General Assembly police log

The 38 Studios morass; Baldwin for books; TV eye
By PHILLIPE AND JORGE  |  June 4, 2014

Your superior correspondents always find it difficult to keep up with potential and actual criminal activities at Halitosis Hall, particularly when the legislature is in session. But we do our best. The dominant story these days is, of course, the who/what/where/when/why of the 38 Studios meltdown. Suffice to say, if Biggest Little taxpayers are going to pay through the nose — and, one way or the other, we will — we’ll want to see somebody hauled off to the pokey for creating this debacle.

The latest prime candidates would appear to be former House Speakers Bill Murphy and Gordon Fox and unelected lawyer/tax credit broker/wheeler dealer/ Prince of Darkness, Michael Corso. Last week, WJAR Channel 10’s I-Team discovered that Murphy, Fox, and Corso initially made contact with bloody-socked video game entrepreneur, Curt Schilling, in early October of 2009, months before the fundraiser at Schilling’s home where then-Governor Don Carcieri reportedly first met Schilling and became interested in 38 Studios.

For Murphy’s part, he claims his only involvement with 38 Studios was to facilitate their negotiations with the legislature in Massachusetts. But now it appears that he, along with Fox and Corso, signed non-disclosure agreements with the company on October 8, 2009.

Meanwhile, on Monday, a Superior Court jury found former state representative Leo Medina guilty of “unlawful appropriation of funds.” The charges came from an allegation that he had stolen $28,000 from a life insurance policy of a friend’s daughter, who passed away in 2007. He faces a potential 20 years in prison for this. Medina served one term as representative for District 12 in Providence from 2011 to 2013, and happens to be facing a misdemeanor and a felony charge on separate matters.

Minimum wage news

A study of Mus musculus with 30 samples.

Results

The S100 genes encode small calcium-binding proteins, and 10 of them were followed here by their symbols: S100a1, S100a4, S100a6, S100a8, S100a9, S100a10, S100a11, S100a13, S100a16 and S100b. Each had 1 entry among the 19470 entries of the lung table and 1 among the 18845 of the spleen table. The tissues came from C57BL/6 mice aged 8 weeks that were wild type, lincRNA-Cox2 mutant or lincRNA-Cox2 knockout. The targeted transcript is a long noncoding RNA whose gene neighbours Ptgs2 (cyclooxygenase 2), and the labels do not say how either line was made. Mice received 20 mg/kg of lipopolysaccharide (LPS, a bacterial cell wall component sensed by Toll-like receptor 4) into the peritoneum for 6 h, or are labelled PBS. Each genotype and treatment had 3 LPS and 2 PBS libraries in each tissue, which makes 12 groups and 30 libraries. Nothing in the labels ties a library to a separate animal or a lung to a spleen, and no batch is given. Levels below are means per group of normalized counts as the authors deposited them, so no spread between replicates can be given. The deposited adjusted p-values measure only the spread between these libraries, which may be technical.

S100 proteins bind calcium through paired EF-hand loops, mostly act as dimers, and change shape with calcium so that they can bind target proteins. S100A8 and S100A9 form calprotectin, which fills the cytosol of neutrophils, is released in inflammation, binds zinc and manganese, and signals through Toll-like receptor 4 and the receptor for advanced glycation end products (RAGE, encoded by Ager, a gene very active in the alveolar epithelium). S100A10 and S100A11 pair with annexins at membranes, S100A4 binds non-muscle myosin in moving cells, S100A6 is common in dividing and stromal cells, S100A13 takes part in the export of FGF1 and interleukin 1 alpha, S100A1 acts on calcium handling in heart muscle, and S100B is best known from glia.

As Vo Dilunduhs undoubtedly know, there’s been a raging battle in Providence over raising the minimum wage here. It might be of interest, then, to note that on Monday, June 2, Seattle’s nine-member city council unanimously approved an increase in the minimum wage to $15 per hour. The mayor of Seattle, Ed Murray, ran his most recent successful campaign for the office on a pledge to increase the minimum wage to $15, so there appears to be no obstacle to this becoming real policy.

RIP, Dennis McCarthy

Early Monday evening, word began to spread in the Rhode Island music community that the beloved singer Dennis McCarthy had passed away. This was not only unbelievably sad, but shocking, since in recent months Dennis had been looking and sounding better than ever. From regular gigs at Nick-a-Nee’s in Providence to the Met in Pawtucket to the Ocean Mist in Matunuck to Chan’s in Woonsocket to dozens of other clubs throughout the area, Dennis seemed to be playing everywhere the past few years.

Dennis was a veteran performer, who started in the 1970s with stellar bands like the Groovemasters and the Dynamic Johnsons, playing the original Met and Lupo’s on a regular basis. His specialty was soul and blues but he could sing most anything with great conviction and power. He moved to Miami over a decade ago, but returned to Rhode Island in early 2011.